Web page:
A brushless DC motor or BLDC motor is known to be electrically commuted DC motor that doesn’t compromise of brushes. In general, such motors comprise permanent magnets present on the outside of the structure. This magnet gives the torque speed characteristic to the motor that actually mimics DC motor. By using this magnet and sensor, it is easy to detect the rotor position.

Is permanent magnet ideal for BLDC?

The BLDC with permanent magnet generally comprises of two essential parts, rotor, and stator. The magnet is present on the rotor along with the rotor position sensor. The sensor is required for offering information regarding the position of the shaft. The signal of shaft position is further sent to the electronic commutator.

There are lots of advantages to using a permanent magnet. Some of them are –

  • No presence of mechanical commutator.
  • Speed can be controlled without any trouble.
  • It is possible to make regenerative braking.
  • Excellent for giving precise control.
  • Use the Pulse Width Modulation method for producing fewer harmonics, and the generation of torque is more.
  • Require less power to start.
  • In a smaller size, it provides high speed.
  • The production of heat is very less.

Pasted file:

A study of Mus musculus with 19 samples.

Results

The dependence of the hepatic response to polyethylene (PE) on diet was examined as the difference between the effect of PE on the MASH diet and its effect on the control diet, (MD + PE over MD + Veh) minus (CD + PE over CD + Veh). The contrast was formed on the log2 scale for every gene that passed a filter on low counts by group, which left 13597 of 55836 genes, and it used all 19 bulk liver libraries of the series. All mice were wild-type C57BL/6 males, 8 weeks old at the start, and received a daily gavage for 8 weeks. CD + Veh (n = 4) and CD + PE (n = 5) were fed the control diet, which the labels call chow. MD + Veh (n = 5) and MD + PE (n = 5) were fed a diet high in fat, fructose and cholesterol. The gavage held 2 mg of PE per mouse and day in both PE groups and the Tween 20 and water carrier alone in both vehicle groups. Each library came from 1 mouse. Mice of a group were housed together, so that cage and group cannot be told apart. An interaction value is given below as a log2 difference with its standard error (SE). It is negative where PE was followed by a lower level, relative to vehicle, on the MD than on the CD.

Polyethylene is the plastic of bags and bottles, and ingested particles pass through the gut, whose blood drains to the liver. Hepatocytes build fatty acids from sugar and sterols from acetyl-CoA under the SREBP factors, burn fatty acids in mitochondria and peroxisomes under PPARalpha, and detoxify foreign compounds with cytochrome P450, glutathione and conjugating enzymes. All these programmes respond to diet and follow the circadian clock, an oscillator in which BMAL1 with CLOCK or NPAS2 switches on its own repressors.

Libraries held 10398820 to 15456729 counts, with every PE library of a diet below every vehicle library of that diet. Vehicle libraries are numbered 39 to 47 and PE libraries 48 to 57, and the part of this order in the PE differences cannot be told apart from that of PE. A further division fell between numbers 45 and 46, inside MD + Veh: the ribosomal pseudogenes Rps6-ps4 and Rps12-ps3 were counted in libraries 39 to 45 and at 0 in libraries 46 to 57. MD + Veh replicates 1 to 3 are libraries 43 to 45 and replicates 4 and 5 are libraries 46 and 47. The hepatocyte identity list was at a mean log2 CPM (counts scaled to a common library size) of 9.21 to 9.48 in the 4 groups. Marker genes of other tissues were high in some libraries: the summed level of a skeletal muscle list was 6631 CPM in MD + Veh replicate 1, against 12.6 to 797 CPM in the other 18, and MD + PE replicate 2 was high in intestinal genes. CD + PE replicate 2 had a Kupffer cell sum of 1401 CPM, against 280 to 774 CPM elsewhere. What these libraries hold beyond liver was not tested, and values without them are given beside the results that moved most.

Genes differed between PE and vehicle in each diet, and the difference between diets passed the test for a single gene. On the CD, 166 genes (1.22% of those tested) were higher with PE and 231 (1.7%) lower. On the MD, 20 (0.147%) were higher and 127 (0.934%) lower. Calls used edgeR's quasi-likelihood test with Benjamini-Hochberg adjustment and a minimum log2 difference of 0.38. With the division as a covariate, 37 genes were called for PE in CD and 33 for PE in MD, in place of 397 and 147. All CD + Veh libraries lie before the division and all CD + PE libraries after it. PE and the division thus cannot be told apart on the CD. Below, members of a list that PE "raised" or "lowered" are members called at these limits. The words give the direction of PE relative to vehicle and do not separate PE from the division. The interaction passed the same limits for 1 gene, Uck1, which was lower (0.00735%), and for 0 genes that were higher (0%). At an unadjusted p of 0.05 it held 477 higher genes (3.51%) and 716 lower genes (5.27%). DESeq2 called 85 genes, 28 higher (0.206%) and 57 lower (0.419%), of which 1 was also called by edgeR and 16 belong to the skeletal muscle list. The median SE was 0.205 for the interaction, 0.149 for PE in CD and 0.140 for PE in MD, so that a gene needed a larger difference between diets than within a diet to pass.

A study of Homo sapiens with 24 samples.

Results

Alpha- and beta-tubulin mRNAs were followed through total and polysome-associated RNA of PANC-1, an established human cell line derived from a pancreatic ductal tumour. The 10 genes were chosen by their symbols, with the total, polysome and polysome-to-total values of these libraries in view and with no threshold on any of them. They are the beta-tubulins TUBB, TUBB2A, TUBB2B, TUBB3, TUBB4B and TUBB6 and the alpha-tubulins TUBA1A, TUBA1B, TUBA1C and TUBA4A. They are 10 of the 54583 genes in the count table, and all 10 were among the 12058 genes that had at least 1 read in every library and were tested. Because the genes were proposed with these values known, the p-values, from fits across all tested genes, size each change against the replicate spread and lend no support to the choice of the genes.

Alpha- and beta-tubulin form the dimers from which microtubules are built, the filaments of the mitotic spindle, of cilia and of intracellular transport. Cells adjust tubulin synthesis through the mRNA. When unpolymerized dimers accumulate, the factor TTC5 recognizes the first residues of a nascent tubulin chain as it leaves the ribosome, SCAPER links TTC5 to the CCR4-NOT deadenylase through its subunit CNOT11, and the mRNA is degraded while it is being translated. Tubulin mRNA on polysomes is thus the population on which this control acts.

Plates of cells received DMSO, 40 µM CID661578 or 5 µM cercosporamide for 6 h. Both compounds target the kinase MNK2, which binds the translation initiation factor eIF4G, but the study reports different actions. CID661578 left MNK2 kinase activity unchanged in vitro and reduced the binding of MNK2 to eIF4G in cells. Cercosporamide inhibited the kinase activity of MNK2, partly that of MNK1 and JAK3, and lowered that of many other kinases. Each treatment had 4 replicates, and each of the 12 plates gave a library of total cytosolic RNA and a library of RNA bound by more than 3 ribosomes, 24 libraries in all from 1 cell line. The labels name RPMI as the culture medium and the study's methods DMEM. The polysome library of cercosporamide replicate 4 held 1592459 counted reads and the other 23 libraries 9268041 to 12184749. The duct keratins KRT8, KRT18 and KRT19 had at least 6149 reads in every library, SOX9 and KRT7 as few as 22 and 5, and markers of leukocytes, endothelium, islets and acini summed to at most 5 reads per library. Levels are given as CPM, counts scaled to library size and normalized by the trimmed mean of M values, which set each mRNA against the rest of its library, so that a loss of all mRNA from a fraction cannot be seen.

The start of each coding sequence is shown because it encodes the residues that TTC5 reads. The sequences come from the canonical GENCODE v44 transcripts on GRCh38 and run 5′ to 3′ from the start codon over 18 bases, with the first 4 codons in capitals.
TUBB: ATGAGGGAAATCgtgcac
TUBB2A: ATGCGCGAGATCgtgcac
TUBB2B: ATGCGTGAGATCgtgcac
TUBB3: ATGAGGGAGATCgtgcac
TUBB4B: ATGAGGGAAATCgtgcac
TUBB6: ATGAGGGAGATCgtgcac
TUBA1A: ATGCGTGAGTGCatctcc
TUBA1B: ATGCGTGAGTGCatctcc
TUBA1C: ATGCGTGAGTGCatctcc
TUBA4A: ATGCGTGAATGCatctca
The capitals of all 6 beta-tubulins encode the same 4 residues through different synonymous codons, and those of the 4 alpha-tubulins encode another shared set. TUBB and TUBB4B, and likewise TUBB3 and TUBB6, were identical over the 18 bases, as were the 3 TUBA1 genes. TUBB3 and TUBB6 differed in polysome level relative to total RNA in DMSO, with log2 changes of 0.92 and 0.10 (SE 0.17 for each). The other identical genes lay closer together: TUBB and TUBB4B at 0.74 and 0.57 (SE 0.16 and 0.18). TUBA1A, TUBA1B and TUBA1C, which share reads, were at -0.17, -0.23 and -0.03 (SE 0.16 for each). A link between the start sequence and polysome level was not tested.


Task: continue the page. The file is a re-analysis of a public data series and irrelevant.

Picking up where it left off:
• Also, bearing stress is low.
  • Improve the efficiency of the motor.
  • Presence of low thermal resistance.
  • If there are no brushes, it prevents the formation of dust.
  • The operation is very quiet.

These motors with permanent magnets are used for automotive applications, textile industries, computers, robotics, and small appliances.

How BLDC with permanent magnet works?

The permanent magnet or china magnet works wonder in BLDC. The principle of its working is very simple. Whenever DC supply is given to the motor, the winding causes the formation of current. This current is further distributed in the stator armature and is dependent on the rotor position.

In the next step, the MMF perpendicular is setup to the permanent magnet. After this, the armature conductor will start experiencing a force. This force is responsible for developing a torque inside the rotor. In case this torque goes above opposing frictional and load torque, then the motor will start automatically.